Skip Heller: Fakebook
Ever since I heard of Career Suicide and Homegoing , I have enthusiastically anticipated the next Skip Heller release. In 2003, Mr. Heller continued his organ trio investigations that began with Homegoing with the well-received live recording Battle in Seattle , where he hooked up with his current rhythm section of organist Joe Doria and drummer John Wicks, AKA Dose. Following that mini-tour of the Northwest, Heller entered the studio and cut nine of the eleven pieces found on Fakebook , with the remaining two pieces captured live from the tour. Joining Mr. Heller are elder statesman Robert Drasnin on reeds and flute (a regular member of Heller's quartet) and Jay Roulston on trumpet and Stan Ridgeway on vocals and harmonica on a live rustic "The Man in Me."
So many writers have described Skip Heller's musical inclinations as "eclectic" as to render that word useless and cliche The word "eclectic" is much too dilettante to describe the muse driving Mr. Heller. For that matter, Mr. Heller's eclecticness far transcends mere music, encompassing, and nay, consuming all of culture. And this culturally omnivorous vision is distilled back into his music. No, Skip Heller is not cliche In fact, his answer to those musician's complaining about playing the same tired standards all of the time is? to make some new ones ...there is plenty of material out there.
And that is exactly what Mr. Heller does. He chooses favorite songs of his youth, some obscure, some well known, but always songs meaningful to him. He then frames these songs in such a way that it seems inappropriate to apply such inadequate labels as Jazz or Rhythm & Blues to them. Fakebook runs the compositional gambit from Ellington to Prince, Monk to Dylan, Eddie Harris to Bugs Bunny (Raymond Scott). Mr. Heller arranges and performs this music with a reverent sense of humor that enables the music to breath and reveal new delights to old and new ears.
The disc opens with Big John Patton's "The Yodel." The original featured (and was co-composed by) Grant Green on guitar. Mr. Heller revealed that he wanted to do a Grant Green song but not one well known so the listener would spend time with his interpretation without occupying themselves with Heller?s versus Green?s solos. The result is an exciting cut that begins like a methamphetamine-addled Klezmer band and evens out into a relentless groove. Featured are Heller, Drasnin on a very cool clarinet, trumpeter Jay Roulston and organist Joe Doria. In a short few minutes, Heller and company expel one of the most intelligently conceived and executed bits of coherent funk as a perfectly formed, discreet piece of music. Les Baxter's "Sophisticated Savage" was the result of Heller's close friendship with the composer and Heller's keen ear for novel chord progressions. It is given an almost light Bossa treatment, which imparts an airy, ethereal feel, with just a hint of danger.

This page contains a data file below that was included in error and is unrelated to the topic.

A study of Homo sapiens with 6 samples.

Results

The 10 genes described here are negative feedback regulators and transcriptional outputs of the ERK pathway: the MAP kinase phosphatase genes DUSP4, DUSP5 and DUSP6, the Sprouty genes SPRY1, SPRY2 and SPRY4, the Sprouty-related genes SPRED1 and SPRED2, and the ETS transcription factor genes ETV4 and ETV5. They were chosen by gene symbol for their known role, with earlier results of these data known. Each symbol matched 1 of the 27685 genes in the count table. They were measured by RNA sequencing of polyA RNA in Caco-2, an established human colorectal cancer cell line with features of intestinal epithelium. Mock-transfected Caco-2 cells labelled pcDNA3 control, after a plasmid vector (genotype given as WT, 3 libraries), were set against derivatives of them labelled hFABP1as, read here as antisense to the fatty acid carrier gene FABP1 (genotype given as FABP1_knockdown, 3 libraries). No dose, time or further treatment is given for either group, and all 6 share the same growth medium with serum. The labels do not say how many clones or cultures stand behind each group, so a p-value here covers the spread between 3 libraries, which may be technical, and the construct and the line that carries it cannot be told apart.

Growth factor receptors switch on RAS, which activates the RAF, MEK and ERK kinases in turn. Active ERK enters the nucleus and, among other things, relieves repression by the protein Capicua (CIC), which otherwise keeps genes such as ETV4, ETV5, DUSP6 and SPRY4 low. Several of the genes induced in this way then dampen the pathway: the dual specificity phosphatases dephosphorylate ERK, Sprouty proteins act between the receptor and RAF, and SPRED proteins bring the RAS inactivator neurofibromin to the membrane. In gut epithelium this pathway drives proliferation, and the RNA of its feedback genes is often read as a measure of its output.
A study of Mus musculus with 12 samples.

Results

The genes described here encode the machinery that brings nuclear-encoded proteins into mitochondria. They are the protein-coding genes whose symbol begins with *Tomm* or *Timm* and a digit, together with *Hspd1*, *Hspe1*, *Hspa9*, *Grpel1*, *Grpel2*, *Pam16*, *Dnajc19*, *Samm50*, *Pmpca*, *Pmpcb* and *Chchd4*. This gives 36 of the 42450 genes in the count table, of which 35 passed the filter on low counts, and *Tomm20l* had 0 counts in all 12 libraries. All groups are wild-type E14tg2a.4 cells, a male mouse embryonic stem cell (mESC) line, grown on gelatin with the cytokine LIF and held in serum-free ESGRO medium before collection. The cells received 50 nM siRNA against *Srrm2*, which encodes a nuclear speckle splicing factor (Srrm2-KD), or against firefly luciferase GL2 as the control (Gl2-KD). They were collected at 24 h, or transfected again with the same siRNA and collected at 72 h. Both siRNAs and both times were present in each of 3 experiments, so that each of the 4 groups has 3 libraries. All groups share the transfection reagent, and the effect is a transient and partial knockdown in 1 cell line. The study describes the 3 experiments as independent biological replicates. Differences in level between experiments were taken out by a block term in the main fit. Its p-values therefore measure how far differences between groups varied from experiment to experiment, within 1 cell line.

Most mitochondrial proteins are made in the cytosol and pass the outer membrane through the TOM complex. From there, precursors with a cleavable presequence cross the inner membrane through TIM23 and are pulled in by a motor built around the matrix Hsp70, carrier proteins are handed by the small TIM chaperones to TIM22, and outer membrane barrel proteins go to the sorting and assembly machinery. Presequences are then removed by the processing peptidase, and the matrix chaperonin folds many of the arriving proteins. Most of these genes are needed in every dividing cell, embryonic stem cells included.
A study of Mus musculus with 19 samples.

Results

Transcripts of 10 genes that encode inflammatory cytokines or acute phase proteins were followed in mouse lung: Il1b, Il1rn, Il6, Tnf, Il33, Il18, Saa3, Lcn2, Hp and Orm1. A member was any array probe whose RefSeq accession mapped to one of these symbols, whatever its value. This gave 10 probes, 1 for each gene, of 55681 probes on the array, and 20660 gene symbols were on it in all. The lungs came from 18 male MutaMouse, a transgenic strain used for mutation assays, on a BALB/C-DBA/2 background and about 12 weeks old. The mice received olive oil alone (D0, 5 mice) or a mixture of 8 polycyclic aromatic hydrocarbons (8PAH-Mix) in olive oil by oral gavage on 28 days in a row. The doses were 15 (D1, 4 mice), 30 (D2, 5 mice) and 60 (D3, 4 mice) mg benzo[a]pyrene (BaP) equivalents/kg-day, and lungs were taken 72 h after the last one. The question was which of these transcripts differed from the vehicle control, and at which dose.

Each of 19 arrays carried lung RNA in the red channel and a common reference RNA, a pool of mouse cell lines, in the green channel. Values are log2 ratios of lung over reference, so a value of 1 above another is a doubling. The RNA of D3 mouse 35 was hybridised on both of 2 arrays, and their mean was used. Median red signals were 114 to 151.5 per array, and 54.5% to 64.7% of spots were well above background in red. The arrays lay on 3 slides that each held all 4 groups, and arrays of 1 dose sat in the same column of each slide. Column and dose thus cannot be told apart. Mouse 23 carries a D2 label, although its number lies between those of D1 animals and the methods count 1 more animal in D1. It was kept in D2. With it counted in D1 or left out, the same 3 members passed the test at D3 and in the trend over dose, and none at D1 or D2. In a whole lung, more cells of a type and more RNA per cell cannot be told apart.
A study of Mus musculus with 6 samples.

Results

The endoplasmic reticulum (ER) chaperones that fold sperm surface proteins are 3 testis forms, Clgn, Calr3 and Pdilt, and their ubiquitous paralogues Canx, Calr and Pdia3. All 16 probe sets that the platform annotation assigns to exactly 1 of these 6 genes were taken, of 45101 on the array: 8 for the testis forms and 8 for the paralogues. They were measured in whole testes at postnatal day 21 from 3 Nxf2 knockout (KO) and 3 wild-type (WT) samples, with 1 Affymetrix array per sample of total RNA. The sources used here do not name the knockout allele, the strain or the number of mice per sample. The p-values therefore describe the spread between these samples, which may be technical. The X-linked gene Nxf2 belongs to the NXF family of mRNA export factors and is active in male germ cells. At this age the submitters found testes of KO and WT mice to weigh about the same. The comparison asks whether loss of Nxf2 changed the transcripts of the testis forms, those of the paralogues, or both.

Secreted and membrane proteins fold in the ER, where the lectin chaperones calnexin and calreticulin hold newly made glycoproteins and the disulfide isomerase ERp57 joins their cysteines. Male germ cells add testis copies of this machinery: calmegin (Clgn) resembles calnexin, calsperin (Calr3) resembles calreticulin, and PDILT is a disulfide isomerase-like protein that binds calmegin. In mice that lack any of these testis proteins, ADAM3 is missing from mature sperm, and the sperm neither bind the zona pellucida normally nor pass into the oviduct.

Perhaps the most entertaining cut on a disc full of them is the Gloria Gaynor anthem "Never Can Say Goodbye." Featured live on Battle in Seattle , this song has some of Mr. Heller's most precise and inspired guitar playing. The song translated well from the bandstand to the studio and graces this collection with its pop sensibility transformed into something greater. Jerry Goldsmith's theme to the movie Chinatown provides Robert Drasnin a vehicle to show off his exquisite alto prowess. A beautiful ballad, Mr. Heller's guitar provides just the elements of surprise and completeness.
Mr. Heller takes a solo spin with Thelonious Monk?s "Monk's Mood," studying Monk?s take on Bach counterpoint. Beautifully played, Mr. Heller captures the true ugly beauty of Monk harmonies. "Arriverderci, Roma," like the later "Powerhouse" is elevated well above novelty by Heller- lean arrangements supplemented by the deft organ of Joe Doria, who's tasteful roadhouse temperament never allow the pieces to veer off course. Mr. Doria cooks with the pots on, gas on high on funk-meister Eddie Harris' "Cold Duck Time," which includes a killer solo by trumpeter Jay Roulston as Lee Morgan reincarnated to kick the shit out of lesser music.
Mr. Heller casts Prince's "Sometimes it Snows in April" as a Jazz Crusader's-tinged, sanctified Gospel-R&B- Contemporary Jazz tome (that this music is so hard to describe with anything other than anemic platitudes is a tribute to its artistic value). Joe Doria provides an orchestral support and Richard "Groove" Holmes solo, propelled along by Heller's go-for-broke support. Perfectly paced, "Sometimes it Snows in April" illustrates Heller?s sensitive understanding of arrangement dynamics.
Skip Heller is something special. Few musicians have as naked a dedication to making music with the listener in mind. Mr. Heller intelligently chooses the songs to cover, never opting for the arcane or esoteric and he plays those songs with grace and love. Let us hope that his relationship with Hyena Records, a perfect label for him, is long and fruitful, because music like this should be shared and shared widely.
Tracks: The Yodel; Sophisticated Savage; Never Can Say Goodbye; Chinatown; Arriverderci, Roma; Monk?s Mood; Cold Duck Time; Sometimes It Snows In April; (Just) Squeeze Me; Powerhouse; The Man In Me.
Personnel: Skip Heller: guitars; Robert Drasnin: alto saxophone, clarinet, flute; Joe Doria: organ; John Wicks: drums.